Prudential’s profits improve even as Covid disrupts its business

Pandemic disruption weighed on Prudential’s new business sales but historic policies helped the life insurer deliver higher profits as it presses ahead with a demerger and pivot to Asia.

Sales to mainland Chinese individuals in Hong Kong, a significant and high margin market for the Pru, were “severely curtailed” by the closure of the border last year, the company said. New business profits in Hong Kong declined 62 per cent year on year, and gross premiums earned across the group ticked down from $45bn to $42.5bn.

However, chief executive Mike Wells said the “high quality of [Prudential’s] in-force business” and loyalty of existing customers helped protect the group’s earnings. Pre-tax profits rose from $2.29bn to $2.42bn.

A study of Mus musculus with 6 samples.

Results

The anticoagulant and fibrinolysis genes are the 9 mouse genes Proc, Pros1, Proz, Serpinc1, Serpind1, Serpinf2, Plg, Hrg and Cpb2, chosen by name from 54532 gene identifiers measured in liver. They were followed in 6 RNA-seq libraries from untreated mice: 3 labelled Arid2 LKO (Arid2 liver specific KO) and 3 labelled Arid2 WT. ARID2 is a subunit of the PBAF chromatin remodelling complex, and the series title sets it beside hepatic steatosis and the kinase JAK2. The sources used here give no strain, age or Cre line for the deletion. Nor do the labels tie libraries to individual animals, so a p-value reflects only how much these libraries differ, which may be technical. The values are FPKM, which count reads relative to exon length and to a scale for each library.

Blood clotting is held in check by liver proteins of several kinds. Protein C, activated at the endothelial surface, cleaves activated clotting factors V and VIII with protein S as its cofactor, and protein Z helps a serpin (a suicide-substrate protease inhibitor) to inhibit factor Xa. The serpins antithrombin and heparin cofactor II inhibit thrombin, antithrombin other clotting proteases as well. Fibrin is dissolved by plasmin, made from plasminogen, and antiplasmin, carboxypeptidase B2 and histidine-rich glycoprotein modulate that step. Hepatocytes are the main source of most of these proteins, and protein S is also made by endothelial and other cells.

The annual results came as the UK-based insurer prepares to demerge Jackson, its US business, leaving it to focus on Asia and Africa. Prudential separated the UK unit M&G in 2019 and subsequently came under pressure from investor Third Point to spin off the US business as well.

The company said the demerger was expected to be completed in the second quarter of this year, adding that bank financing for the separation had been agreed.

Prudential announced plans in January to raise up to $3bn of equity to increase its “financial flexibility in light of the breadth of the opportunities to invest in growth” in Asia.

The Pru is going ahead with the separation at a time of disruption from the coronavirus crisis. Border restrictions between mainland China and Hong Kong were unlikely to be lifted before the third quarter, the company said, but it expected sales to pick up once they were removed.


The board declared a second interim ordinary dividend of 10.73 cents, giving a full-year pay out of 16.10 cents.

Diluted earnings per share improved from 75.1 cents to 81.6 cents, and shares in Prudential ticked 1.2 per cent higher in early London trading to £15.01.